Course Description
How Things Work course teaches "hard" science by making it relevant and accessible. The full introductory physics, with mathematics at the level of algebra and trigonometry is enlivened by examples from everyday devices and experiences. Our lecture-discussion format includes assisting student designed independent projects that acquire more scientific/mathematical sophistication through many stages of paper development and revision. We usually cover mechanics (the science of motion and its causes) as well as Electricity & Magnetism up to basic electronics. But enlivening is real: for example, ice skating and bumper cars exemplify mechanics; static electricity is taught using Xerographic copying as its application. We learn the theory of Maxwell's Equations in seeing how trash is sorted in a recycling crusher, pollution trapped in smokestack cleaners, and high tension electric distribution is designed to save money. This year we experiment with becoming a Teaching-Learning Community; while the nominal aim would be to have as many as half of our meetings out of the classroom, we will work together to design the trade-off between covering science topics and learning "from Life." One TLC component is already clear, participation in such activities of the Institute for Sciences as seminar talks, study groups and monthly dialogues, especially all that relate to social justice, environmental issues and sustainability. Our learning goals include all five Natural Science school aims for Division I:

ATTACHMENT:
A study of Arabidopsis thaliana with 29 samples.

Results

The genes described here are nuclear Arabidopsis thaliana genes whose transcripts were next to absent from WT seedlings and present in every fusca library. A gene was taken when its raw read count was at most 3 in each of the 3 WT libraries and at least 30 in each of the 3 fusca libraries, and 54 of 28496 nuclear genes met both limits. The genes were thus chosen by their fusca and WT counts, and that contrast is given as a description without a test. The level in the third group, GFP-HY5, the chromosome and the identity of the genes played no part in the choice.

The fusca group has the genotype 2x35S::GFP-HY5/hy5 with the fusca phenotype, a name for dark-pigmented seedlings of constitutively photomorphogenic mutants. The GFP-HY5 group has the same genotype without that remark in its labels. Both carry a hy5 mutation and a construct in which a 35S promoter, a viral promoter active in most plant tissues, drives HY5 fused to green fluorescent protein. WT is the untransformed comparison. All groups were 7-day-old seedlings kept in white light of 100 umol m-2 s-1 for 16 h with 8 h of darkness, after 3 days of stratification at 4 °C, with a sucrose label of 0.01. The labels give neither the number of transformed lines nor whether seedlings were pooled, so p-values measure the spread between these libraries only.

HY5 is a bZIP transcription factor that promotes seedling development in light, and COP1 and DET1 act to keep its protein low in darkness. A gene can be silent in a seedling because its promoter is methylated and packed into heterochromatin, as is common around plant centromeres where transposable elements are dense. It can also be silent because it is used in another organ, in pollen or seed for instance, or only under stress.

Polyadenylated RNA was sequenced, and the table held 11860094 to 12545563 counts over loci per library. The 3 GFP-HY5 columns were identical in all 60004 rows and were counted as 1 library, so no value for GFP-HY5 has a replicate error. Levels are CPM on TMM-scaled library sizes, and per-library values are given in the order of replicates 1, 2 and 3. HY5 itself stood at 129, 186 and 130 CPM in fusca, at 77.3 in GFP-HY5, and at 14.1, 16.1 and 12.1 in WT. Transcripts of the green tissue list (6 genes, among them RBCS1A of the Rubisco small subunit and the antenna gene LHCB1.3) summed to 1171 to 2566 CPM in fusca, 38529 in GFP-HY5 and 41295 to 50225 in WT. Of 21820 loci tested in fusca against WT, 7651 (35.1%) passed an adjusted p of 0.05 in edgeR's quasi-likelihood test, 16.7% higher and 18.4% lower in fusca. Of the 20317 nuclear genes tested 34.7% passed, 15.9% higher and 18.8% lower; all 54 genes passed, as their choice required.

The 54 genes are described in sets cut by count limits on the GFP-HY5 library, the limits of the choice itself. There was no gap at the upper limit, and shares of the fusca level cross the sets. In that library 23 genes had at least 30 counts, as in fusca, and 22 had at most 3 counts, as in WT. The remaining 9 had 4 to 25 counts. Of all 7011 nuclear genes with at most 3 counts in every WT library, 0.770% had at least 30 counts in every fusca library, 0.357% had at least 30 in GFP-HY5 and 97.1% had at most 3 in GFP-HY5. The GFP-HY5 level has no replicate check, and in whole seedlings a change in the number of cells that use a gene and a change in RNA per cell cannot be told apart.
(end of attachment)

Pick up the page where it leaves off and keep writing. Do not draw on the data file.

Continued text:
1. Empowering your own topic & paper
2. Understanding how sciences work
3. Learning their social contexts -- &effects; especially those about the environment, social justice & sustainability
4. Developing quantitative skills (mathematics. YES!)
5. Acquiring presentation skills, especially for writing a science paper.
The textbook will be Louis A. Bloomfield's "How Things Work: The Physics of Everyday Life, 6th edition" --as supplemented by problems from the 2nd edition.

The aims of How things work, NS101-T Fall 2017
By the end of semester [or before] you will know:
1.the real Physics (of many phenomena & arenas) at an algebraic level of mathematics to research, organize, write, revise, edit & increasingly sophisticate a science paper on a topic of YOUR own interest
3.what the place is of science in society & vice versa (Social Justice/Environmental Sustainability) to start designing your own education (f’reals) with our support
5.some community resources for these goals, especially 3 & 4 above. And how to use them
This course is in the distribution category of PBS(Physical and Biological Sciences).
Its cumulative skills are iND = Independent Work, QUA = Quantitative Skills, & WRI = Writing and Research.